In 2017, I decided to pull the plug on my more than 20 years as an LAPD reserve officer; besides, the commute from Texas was getting a little tiresome over the last three years. After retiring, I received several phone calls from fellow officers asking about the procedure and what they should expect. I coordinated with Lieutenant Curtis McIntyre and Officer Johnny Gil of CODD Section and Sergeant Peter Harris of Personnel Division/Retirement Section to write up the following few simple steps.
Simple Steps to “Honorably Retired”
Remember, plan ahead! Don’t walk in and expect to retire the same day as your first appointment with Personnel. There are certain things you are eligible for along the way. The qualification for “honorable retirement” from the LAPD is a minimum of over 20 years of service in any sworn category — Level I, II or III in “good standing.” Each level of reserve police officer differs slightly after that point.
Step 1: Speak to your reserve coordinator, informing them of your intent to retire. They will coordinate a meeting with you and your divisional commanding officer for an exit interview. At this meeting, you will fill out and present your Resignation Form (1.50.00). The completed form will be presented to the C/O and will be signed by both of you. You will take it with you to your meeting with the retirement counselor.
Step 2: Make the two appointments that are necessary with the Personnel Division retirement counselor, on the second floor of PAB (contact info is listed at the end of this article). Prior to the first appointment, they will tell you what you need to bring with you to turn in, as per the Property Clearance Form. Basically, it includes the following: ID card, badge, flat badge (if you have one), cap piece, OC spray, 999 key if you still have one and, depending on your level, duty weapon (unloaded and cleared), body armor, ballistic helmet, OFAK kit (first aid) and baton/PR24. Do not turn in equipment at your division or Piper Tech equipment office before your first appointment with the retirement counselor. The counselor will give you the exact list for each level of reserve to be turned in following your first appointment. You don’t need an appointment with Piper Tech; just go during normal business hours.
Bring your checkbook. For Level I reserves, they will charge you for cleaning your old badge and putting the “Honorably Retired” rocker on the badge. If you want, you can also purchase an identical flat badge with a carry case. For Level I, they will take the serial number from your duty weapon and offer it to you for purchase, with instructions on how to pay for your weapon at the Salvage Desk at Piper Tech. (Note that they only take exact cash for the duty weapon.)
For Levels II and III, you will also need your checkbook. They will offer you your badge encased in Lucite.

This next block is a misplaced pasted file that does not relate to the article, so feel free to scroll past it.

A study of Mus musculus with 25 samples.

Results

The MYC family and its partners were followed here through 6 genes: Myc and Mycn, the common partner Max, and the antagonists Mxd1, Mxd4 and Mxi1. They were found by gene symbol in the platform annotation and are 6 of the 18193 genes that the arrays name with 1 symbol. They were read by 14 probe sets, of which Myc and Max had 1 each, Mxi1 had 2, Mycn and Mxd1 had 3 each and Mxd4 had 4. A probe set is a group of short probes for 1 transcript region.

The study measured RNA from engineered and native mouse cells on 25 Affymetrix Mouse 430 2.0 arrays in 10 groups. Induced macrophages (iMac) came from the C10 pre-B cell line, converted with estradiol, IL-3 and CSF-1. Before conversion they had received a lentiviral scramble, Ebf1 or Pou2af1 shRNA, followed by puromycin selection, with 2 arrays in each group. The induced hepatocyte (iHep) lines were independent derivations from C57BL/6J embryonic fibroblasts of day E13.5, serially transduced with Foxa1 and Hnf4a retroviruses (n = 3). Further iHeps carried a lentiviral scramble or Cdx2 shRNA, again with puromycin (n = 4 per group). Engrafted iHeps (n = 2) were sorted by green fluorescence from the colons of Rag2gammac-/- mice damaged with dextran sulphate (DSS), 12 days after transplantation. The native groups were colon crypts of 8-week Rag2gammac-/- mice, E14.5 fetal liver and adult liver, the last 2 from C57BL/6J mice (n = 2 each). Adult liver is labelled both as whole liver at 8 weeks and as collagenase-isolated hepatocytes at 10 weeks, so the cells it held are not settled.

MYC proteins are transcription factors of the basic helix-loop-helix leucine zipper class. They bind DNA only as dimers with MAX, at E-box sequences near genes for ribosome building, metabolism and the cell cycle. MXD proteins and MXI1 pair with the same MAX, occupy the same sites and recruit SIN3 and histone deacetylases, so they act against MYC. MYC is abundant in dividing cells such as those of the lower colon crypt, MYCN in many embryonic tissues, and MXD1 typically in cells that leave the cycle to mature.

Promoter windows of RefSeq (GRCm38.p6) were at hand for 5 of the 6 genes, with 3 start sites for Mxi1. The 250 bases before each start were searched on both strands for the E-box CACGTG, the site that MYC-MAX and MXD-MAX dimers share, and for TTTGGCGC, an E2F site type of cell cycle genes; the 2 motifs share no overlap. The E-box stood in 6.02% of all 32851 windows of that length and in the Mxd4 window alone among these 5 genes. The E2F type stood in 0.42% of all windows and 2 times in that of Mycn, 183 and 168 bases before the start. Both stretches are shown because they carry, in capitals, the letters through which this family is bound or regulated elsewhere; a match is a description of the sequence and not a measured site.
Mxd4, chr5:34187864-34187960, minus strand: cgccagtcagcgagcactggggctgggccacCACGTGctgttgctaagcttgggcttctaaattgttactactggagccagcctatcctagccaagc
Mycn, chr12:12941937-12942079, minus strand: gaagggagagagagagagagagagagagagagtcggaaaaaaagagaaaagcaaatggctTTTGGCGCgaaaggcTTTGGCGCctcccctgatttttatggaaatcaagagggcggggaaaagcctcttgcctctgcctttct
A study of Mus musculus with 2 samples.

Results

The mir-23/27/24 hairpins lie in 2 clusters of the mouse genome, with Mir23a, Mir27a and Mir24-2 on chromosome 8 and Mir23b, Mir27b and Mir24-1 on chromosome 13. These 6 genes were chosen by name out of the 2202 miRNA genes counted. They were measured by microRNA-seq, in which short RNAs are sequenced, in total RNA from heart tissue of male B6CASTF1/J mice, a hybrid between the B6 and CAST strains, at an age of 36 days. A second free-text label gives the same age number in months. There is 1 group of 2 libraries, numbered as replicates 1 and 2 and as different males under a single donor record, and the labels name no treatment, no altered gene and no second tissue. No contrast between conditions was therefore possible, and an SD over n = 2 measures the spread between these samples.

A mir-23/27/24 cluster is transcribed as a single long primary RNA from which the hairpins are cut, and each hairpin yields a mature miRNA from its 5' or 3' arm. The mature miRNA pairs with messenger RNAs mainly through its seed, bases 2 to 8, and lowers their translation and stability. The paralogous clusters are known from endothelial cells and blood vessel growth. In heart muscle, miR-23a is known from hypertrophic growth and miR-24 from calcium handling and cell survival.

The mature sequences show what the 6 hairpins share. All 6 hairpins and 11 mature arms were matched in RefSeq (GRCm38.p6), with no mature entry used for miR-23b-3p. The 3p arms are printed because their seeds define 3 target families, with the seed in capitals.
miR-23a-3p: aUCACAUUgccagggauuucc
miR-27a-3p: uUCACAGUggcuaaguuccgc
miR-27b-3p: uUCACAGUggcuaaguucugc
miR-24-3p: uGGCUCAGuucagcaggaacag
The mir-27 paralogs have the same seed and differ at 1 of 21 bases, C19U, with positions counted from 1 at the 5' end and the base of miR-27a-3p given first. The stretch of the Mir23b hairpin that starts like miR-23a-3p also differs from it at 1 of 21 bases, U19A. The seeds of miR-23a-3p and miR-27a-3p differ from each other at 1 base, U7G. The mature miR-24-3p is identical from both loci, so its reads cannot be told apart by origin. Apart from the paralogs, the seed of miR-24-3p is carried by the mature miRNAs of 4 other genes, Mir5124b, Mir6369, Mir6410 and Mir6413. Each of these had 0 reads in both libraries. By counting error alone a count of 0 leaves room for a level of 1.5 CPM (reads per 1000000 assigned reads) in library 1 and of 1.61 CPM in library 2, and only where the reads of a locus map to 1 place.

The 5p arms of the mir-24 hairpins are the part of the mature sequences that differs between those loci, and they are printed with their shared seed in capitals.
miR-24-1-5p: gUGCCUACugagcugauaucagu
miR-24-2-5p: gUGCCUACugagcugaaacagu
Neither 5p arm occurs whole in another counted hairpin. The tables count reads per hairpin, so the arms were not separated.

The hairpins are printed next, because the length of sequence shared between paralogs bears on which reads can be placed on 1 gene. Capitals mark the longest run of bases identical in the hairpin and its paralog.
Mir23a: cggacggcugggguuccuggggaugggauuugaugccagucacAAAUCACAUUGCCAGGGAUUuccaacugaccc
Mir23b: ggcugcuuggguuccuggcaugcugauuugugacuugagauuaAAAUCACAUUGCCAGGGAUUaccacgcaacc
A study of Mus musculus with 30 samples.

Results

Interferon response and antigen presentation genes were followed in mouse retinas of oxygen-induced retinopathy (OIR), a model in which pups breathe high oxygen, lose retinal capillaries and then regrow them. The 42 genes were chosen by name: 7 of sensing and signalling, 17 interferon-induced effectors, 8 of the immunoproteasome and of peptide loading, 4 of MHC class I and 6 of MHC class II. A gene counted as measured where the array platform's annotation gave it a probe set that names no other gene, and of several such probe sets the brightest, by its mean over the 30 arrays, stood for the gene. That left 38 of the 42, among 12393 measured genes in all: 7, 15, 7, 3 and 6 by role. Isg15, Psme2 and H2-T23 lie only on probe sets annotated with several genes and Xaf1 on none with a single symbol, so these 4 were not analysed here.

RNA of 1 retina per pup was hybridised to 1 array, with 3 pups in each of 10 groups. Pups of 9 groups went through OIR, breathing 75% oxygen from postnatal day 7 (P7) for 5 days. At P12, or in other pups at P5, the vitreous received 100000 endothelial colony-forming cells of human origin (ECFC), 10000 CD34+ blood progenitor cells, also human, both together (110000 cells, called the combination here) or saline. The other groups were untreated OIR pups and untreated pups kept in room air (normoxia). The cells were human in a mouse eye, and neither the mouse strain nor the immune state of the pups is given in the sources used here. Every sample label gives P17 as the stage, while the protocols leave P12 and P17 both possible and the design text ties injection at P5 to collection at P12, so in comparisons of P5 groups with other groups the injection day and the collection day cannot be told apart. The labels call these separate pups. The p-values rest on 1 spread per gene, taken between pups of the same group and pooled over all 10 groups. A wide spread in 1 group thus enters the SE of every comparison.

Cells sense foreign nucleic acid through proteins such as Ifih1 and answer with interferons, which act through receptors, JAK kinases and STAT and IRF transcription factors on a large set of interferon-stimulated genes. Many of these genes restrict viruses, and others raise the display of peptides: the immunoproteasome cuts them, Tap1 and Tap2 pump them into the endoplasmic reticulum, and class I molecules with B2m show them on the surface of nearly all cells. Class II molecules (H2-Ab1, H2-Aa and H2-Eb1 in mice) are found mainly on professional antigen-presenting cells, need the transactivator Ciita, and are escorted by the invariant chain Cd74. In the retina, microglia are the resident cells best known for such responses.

Level I will receive a Retired ID card with “CCW Approved.” You will be given a copy of Administrative Order 6 dated June 22, 2011, on how to qualify for LEOSA (H.R. 218). Levels II and III will receive a Retired ID card with “CCW Restricted.”
Step 3: Turn in the required items to Piper Tech; they will check if it was issued to you and sign it off on the form. You can walk next door to the Salvage Department to purchase your weapon (remember, exact change, cash only).
Step 4: Go to your second appointment with the retirement counselor. Present your signed paperwork receipt (Property Clearance Form). Make an extra copy of everything just in case. Their office will walk you through the whole process; they are very cordial and helpful.
At some point, the divisional C/O office will send out advisory letters that mark your years of service and pending retirement. Over time, you should receive several letters of appreciation recognizing your service as a Los Angeles reserve police officer — nice items that your family will appreciate. Usually, they will be delivered to your division of assignment.
You can also get a Letter of Appreciation from the Los Angeles City Council or Mayor’s Office. In some cases, there is a City Proclamation, which is very nice. You can ask your reserve coordinator how to obtain that document. (A personal note: I did get one of these and it was well worth the effort.)
One more thing: Advise the Reserve Unit at CODD that you are retiring. This is a courtesy call and it can save time for their staff in recordkeeping.
That is the entire process. Once you have completed all your steps, you just have to sit back in that big new recliner and enjoy.
Retired Reserve Officer Jim McLaughlin is a director emeritus at the Los Angeles Police Reserve Foundation.